Election preparation and interesting races
Because of deadlines, reporters write outlines of election stories before the results come in.
That’s what I did before Tuesday’s election.
Uncertain about what would happen in Youngstown’s 7th Ward council seat, I wrote two scenarios for the city council article.
I wrote that it was a Democrat sweep with the assumption that Councilwoman Basia Adamczak won in the 7th Ward and another with Donald P. Scott becoming the first independent council candidate to be elected in 24 years.
Instead, there was a tie.
A tie? A tie!
When I received the results at the Mahoning County Board of Elections, I pointed out the results in the 7th Ward to various election workers. It took a while for it to register with them. It also took a while for it to register with the candidates.
I called Adamczak, who said she was in shock and to give her a few minutes to think it over. We spoke again and there wasn’t much more she could add to her earlier comments.
Scott initially didn’t understand what I was saying. He then got it and, like Adamczak, had a difficult time getting out the words needed to express his surprise.
Most of the time when I speak to candidates on election night, I’m breaking the news about their victory or their defeat. This was the first time I told candidates they tied and I’ve been covering elections for more than 30 years.
The tie will be broken after provisional ballots are counted.
It really does prove that every vote counts — and unfortunately, there weren’t a lot of votes to count.
Turnout in this election in Mahoning County was 26.4 percent. It was 30 percent in Trumbull County.
Election officials in both counties essentially nailed it with their predictions. The expectation was 25 percent to 28 percent in Mahoning and 25 percent to 30 percent in Trumbull.
As for Youngstown’s 7th Ward council race, turnout was only 19.66 percent. Of the 5,769 registered voters in that ward, 1,134 voted in that race.
That’s got to sting for the two candidates.
There were several other interesting takeaways from Tuesday’s election.
Warren Mayor Doug Franklin proved that money isn’t always the answer when it comes to winning elections.
Randy Law, his opponent, received $117,963 in in-kind contributions as of Oct. 16 from America’s Tomorrow, a Marietta-based political action committee with Republican ties. The money went toward television and radio commercials, online ads, mailers and consultants. Franklin raised $13,845 as of Oct. 16.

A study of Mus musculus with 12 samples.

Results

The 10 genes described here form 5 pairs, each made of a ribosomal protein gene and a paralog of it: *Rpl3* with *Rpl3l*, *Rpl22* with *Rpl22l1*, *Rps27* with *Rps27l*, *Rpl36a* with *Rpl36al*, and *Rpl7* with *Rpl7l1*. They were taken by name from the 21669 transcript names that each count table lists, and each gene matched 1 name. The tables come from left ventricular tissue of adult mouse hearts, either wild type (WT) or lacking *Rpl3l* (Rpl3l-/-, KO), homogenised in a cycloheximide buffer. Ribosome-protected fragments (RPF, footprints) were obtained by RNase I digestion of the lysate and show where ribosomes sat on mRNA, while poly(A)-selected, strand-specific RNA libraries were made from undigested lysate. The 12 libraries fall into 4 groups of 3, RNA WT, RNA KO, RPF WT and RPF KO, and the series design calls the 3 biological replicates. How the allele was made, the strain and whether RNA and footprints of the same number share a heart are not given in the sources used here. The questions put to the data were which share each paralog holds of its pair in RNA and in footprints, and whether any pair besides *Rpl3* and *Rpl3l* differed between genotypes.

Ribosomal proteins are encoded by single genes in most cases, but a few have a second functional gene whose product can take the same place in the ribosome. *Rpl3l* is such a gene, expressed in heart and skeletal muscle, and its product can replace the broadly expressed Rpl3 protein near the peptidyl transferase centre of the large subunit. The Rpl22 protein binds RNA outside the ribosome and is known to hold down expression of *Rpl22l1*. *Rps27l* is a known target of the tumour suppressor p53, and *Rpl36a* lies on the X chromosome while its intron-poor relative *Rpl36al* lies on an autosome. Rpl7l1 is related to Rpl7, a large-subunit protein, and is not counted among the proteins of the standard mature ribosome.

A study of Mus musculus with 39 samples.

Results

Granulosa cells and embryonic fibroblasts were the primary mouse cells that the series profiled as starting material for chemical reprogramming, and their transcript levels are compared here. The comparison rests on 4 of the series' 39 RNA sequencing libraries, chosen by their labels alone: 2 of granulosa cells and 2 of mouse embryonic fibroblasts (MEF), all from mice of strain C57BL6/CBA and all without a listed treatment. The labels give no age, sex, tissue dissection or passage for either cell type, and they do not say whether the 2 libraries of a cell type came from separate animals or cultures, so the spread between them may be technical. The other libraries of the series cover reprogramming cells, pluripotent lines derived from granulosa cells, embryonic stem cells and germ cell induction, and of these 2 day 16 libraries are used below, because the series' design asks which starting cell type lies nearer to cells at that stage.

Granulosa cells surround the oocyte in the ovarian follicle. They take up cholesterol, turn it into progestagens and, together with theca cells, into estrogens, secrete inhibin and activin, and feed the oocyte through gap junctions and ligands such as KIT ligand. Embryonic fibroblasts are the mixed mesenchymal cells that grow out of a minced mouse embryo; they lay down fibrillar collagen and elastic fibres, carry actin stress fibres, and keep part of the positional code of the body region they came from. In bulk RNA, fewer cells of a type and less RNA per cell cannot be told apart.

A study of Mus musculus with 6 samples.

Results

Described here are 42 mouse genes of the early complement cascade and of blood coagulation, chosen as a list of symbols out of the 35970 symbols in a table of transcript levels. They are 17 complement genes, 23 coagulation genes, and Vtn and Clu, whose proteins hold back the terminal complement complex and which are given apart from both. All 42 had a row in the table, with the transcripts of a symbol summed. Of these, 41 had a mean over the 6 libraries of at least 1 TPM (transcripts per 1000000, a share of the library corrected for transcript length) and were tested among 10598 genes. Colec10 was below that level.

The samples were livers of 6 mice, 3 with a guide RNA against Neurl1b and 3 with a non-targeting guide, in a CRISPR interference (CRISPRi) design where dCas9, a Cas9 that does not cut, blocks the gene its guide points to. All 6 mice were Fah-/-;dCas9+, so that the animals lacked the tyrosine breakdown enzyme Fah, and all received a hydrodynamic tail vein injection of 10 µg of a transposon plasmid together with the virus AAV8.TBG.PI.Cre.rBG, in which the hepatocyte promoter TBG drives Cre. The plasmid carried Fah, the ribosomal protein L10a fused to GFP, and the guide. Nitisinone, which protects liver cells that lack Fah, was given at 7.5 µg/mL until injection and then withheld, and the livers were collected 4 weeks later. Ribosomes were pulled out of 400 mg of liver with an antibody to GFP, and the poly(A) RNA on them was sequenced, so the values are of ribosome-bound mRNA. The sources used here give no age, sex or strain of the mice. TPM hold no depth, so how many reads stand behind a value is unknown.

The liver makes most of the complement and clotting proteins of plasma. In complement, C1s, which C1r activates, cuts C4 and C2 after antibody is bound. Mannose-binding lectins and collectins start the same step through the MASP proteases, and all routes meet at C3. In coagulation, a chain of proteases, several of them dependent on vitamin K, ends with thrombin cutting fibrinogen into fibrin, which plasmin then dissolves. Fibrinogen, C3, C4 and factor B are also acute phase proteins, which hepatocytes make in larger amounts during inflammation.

Yet when the smoke cleared, it wasn’t a competitive race. Franklin captured 67.1 percent of the vote, winning by his largest margin for mayor in his successful third term.
The Niles school district never stops being colorful. Voters rejected three incumbent school board members, opting to go with three challengers among the nine people running.
With the district in state-mandated fiscal emergency since February, it’s somewhat strange that there were so many candidates seeking the seats.
In Austintown, David Ritchie ä first elected to the Austintown school board in November 1967, four months after I was born — lost his bid at a 14th four-year term. He is currently the longest-serving school board member in Ohio.
Ritchie as an Austintown school board member was such a given that there were probably people who assumed he’d win and didn’t vote for him. He finished a distant third — 889 votes behind Kimberly A. Smrek, the top vote-getter, and 446 less than Harold Porter, the other incumbent.
In Boardman, Trustee Larry Moliterno won a fourth four-year term, dominating a field of four candidates. He captured 53 percent of the vote despite several people upset with township officials about flooding issues in the township.
In Liberty, Jodi Stoyak, a 16-year incumbent trustee, lost to Devon Stanley, a political newcomer who had the backing of Trustee Arnie Clebone, who has clashed with Stoyak. Stanley captured 47.3 percent of the vote to 35.5 percent for Stoyak and 17.2 percent for Jason Masternick.
Skolnick covers politics for the Tribune Chronicle and The Vindicator.